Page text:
Graft-versus-host disease (GVHD) is common, yet it is poorly understood and its symptoms can be difficult to recognize.
The National Comprehensive Cancer Network (NCCN) has published a new resource designed to help patients better understand and manage the risk of graft-versus-host disease (GVHD) following stem cell transplantation.
Patients can access the new guidelines online or through the NCCN’s smartphone app. In addition to the new GVHD resource, patients can also access more than 60 additional guidebooks.
The guide was released a month after the FDA approved the first drug to prevent the condition (abatacept; Orencia) acute GVHD.
Susan Stewart, executive director of the bone marrow transplant patient advocacy group BMT InfoNet, said patient education is an important component of treating patients who undergo transplants.
“GVHD is a transplant complication that comes as a surprise for many patients,” said Stewart in a statement. “It can significantly impact a patient’s quality of life, particularly if it persists long-term. Knowing the symptoms, so that it can be caught early—as well as potential treatment options—is crucial for GVHD patients.”
GVHD—in which a donor’s transplanted cells attack the healthy cells of the recipient—is common in patients undergoing hematopoietic stem cell transplantation to treat blood cancers. As many as half of patients who undergo HSCT will experience acute GVHD, even if the donor is human leukocyte antigen (HLA)-matched, such as a sibling. Rates are even higher among patients who are not perfectly matched with their donors. In addition to the acute form of the disease, many patients also suffer from a chronic form of the disorder.
Ayman A. Saad, MD, of Ohio State University, said in the statement that patient education is particularly important because the symptoms and timing of GVHD can vary widely.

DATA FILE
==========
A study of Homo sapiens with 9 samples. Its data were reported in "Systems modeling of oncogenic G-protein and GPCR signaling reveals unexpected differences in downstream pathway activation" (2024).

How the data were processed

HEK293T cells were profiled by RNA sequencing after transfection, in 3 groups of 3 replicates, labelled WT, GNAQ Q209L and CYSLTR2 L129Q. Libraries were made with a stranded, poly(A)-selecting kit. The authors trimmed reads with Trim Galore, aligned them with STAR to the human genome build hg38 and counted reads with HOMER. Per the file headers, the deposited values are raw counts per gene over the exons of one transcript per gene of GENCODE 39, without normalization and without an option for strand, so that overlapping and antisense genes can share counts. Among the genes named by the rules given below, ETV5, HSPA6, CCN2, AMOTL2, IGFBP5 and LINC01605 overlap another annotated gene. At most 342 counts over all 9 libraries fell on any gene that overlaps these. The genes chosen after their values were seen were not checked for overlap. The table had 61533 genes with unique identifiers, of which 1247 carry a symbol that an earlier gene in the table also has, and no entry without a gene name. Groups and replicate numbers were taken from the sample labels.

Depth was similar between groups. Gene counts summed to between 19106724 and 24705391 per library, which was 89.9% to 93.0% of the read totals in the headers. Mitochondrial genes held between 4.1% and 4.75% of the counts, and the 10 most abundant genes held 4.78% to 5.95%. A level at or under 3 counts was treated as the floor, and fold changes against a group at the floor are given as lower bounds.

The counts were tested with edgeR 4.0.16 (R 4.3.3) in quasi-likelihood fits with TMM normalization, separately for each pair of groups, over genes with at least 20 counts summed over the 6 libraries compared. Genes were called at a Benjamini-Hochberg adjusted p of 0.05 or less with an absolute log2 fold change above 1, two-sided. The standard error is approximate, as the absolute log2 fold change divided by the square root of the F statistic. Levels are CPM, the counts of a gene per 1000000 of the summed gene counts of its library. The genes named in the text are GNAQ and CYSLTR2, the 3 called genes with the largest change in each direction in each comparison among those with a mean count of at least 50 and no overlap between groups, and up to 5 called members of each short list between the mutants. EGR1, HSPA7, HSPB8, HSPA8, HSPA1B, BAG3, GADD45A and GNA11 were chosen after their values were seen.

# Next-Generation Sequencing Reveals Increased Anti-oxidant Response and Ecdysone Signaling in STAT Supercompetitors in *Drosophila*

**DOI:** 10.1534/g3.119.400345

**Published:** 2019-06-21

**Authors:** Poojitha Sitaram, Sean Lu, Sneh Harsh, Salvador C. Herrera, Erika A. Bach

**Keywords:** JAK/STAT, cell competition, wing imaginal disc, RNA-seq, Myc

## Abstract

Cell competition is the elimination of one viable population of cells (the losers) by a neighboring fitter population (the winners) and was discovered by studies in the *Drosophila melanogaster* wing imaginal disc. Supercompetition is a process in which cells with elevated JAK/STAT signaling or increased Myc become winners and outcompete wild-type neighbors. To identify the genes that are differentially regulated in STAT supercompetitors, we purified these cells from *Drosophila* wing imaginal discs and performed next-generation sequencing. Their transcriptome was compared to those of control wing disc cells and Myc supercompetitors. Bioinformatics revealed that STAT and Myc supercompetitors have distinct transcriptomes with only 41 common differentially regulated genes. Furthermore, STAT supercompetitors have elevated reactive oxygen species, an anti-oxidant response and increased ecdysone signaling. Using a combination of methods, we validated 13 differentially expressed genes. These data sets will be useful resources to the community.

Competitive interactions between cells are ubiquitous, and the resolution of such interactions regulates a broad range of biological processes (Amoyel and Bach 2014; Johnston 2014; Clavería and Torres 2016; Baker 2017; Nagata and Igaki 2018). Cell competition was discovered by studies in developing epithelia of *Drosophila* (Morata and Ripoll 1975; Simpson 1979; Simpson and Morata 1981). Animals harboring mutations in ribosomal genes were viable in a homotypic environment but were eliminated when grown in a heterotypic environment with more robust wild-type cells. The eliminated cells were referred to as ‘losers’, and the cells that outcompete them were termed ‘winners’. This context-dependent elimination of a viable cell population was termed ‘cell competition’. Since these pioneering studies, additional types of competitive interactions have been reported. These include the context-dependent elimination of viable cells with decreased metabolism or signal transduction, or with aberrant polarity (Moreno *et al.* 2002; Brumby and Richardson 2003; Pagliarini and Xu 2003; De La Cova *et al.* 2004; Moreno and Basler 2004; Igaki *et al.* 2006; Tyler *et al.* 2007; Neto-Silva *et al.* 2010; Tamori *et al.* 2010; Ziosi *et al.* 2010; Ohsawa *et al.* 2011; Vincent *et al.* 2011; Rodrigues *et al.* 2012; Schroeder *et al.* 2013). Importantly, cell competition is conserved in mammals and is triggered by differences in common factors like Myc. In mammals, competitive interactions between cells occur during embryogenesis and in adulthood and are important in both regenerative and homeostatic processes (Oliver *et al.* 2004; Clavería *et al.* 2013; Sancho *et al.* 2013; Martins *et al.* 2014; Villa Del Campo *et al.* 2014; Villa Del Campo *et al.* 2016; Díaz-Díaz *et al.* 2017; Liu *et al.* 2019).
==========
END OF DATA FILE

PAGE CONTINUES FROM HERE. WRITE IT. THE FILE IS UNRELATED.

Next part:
“The symptoms can be very tricky and manifest suddenly, in unusual ways, sometimes years after the transplant,” said Saad, who chairs the NCCN’s guidelines panel for hematopoietic cell transplantation. “The NCCN Guidelines for Patients: GVHD clearly explains this complicated process and hopefully helps people understand the variety of therapies that can be used to treat it.”
Many of the symptoms of GVHD may appear to be relatively minor, raising the concern that some patients will not mention them to their physicians. Common symptoms range from fatigue, jaundice, and diarrhea to rash, dry eyes, and joint stiffness.
Alison W. Loren, MD, MSCE, of the University of Pennsylvania, said the “most important advice for patients is not to panic.” While GVHD can be fatal in rare cases, many cases are reversible if they are caught early.
Loren noted that while steroids have long been the primary treatment option for patients with GVHD, new treatment options have become available thanks to recent clinical trials.
She said patient participation in trials is essential to improving care for GVHD and for the cancers that make the treatment necessary.
“NCCN believes that the best management of any patient with cancer is a clinical trial,” Loren said. “Some trials require that patients haven’t received any previous treatment, so it’s important to bring it up right away and not miss the opportunity for the best possible care while also adding to our knowledge about how the immune system works.”
Loren said she hopes the new guidebook helps bring clarity to what can be a confusing and stressful situation.
“GVHD is very common yet poorly understood, even by physicians,” she said. “Hopefully, this book brings some order to the chaos by sharing evidence and uniformity. Treatment guidelines, if used effectively, will limit the severity and duration of people suffering from GVHD.”